Ten Ways to Avoid Potential Problems at Your Company Holiday Party This Year
What happened to 2013? I cannot believe it is already November! Before we know it everyone will be hosting their holiday parties and we will be watching the ball drop and welcoming in the New Year!
As an HR Professional, I am never sure if I should be excited for or dread the company holiday party. Even if HR is not planning the party, there are still lots of things for HR and the leadership team to consider as your company prepares for the event.
The Number One Concern When Planning Company Events
One of the first questions asked about company events is always whether or not alcohol should be served. It is almost inevitable that someone at the holiday party is going to drink too much, start dancing on the tables, and get sick in the bathroom. If they remember the evening, they will be extremely embarrassed coming into work the next day and might even call out to delay having to face their colleagues. I can only hope that a little embarrassment is the worst thing that happens; but unfortunately, too often employees drink too much and create more than just embarrassing situations.
Potential Problems with Serving Alcohol at Holiday Party
Way too often alcohol at holiday parties has led to employee complaints and harassment claims. Just because it didn’t happen on work time doesn’t mean you shouldn’t take it seriously. It should be investigated like any other claim that is brought to your attention. There are also safety considerations. As the host, the company can be held liable for any injuries that result from intoxicated guests – that includes drunk driving.
I know what you are thinking: those stuffy HR people take the fun out of everything! I am not saying don’t serve alcohol at your company event; but if you do choose to serve it, consider some of the following ideas to help ensure a successful, fun, and safe party.
Top 10 Ways to Host a Successful Holiday Party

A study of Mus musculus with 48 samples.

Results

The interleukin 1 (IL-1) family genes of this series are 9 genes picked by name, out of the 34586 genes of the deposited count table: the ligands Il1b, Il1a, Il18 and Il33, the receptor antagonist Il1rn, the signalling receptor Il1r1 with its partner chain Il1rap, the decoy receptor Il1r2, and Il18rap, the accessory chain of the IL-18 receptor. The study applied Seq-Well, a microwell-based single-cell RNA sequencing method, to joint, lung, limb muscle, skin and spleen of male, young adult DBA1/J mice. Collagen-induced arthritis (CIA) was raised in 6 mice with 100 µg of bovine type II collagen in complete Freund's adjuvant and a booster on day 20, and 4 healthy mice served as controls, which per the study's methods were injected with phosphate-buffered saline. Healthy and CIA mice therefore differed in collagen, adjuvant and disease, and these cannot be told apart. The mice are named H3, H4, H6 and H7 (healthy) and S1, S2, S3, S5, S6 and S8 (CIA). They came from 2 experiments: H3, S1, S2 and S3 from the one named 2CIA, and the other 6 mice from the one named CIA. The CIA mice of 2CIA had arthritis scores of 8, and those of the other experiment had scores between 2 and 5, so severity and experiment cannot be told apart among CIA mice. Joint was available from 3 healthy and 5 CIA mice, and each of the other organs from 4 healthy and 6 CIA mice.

- Remind employees before the event that even though they are not at work, they still need to act professionally. Their boss and coworkers will remember what happened and it may impact the level of respect they get in the workplace.
- Make sure managers know the expectation and help set the example for a fun but safe environment for all party attendees.
- Provide a limited number of drink tickets to each attendee – common practice is 2 tickets.
- Have a cash bar instead of an open bar.
- Serve a full dinner, not just hor’dourves.
- Make sure the bartenders know to cut someone off if they are getting a little too “happy”.
- Have a valet who will not return the car keys to someone who looks like they have had too much to drink.
- Offer to pay for a taxi to those who need it or hold the event near public transportation.
- Provide hotel rooms encouraging people to stay the night instead of driving home (I hesitate to include this one because although you are protecting employees from driving drunk, you may be inviting them to do something that could lead to a harassment claim).
- Start the party early so it can end early.
HR should not be the party police, but the reality is any problem that occurs at the party, will most likely hit your desk the next day. Be proactive by making sure the party planners understand the potential liabilities to help protect your employees and the company. Here are a few final thoughts to keep in mind as you plan your holiday party:
- Think about the message you want to send to employees. If you host a lavish party, employees may resent the fact that you are spending money on the event, but you froze their pay.
- Even though your party may be held around the holidays, I recommend calling it a “Holiday Gathering” and to have decorations that are not tied to just one religious belief. Make sure the event is one that everyone, regardless of their religious beliefs, will feel comfortable attending.
- Is this an event that you want to be employee-only or can they invite significant others? What about their kids?
- Remember why you are throwing a party – it is a way to show your appreciation and to help engage your workforce. Make it an event that employees will be looking forward to and talking about.
Now that I have shared potential problems that could occur at your next holiday party and tips on how to avoid them, you should be well prepared to have a safe, fun and successful event. Wishing you a very happy holiday!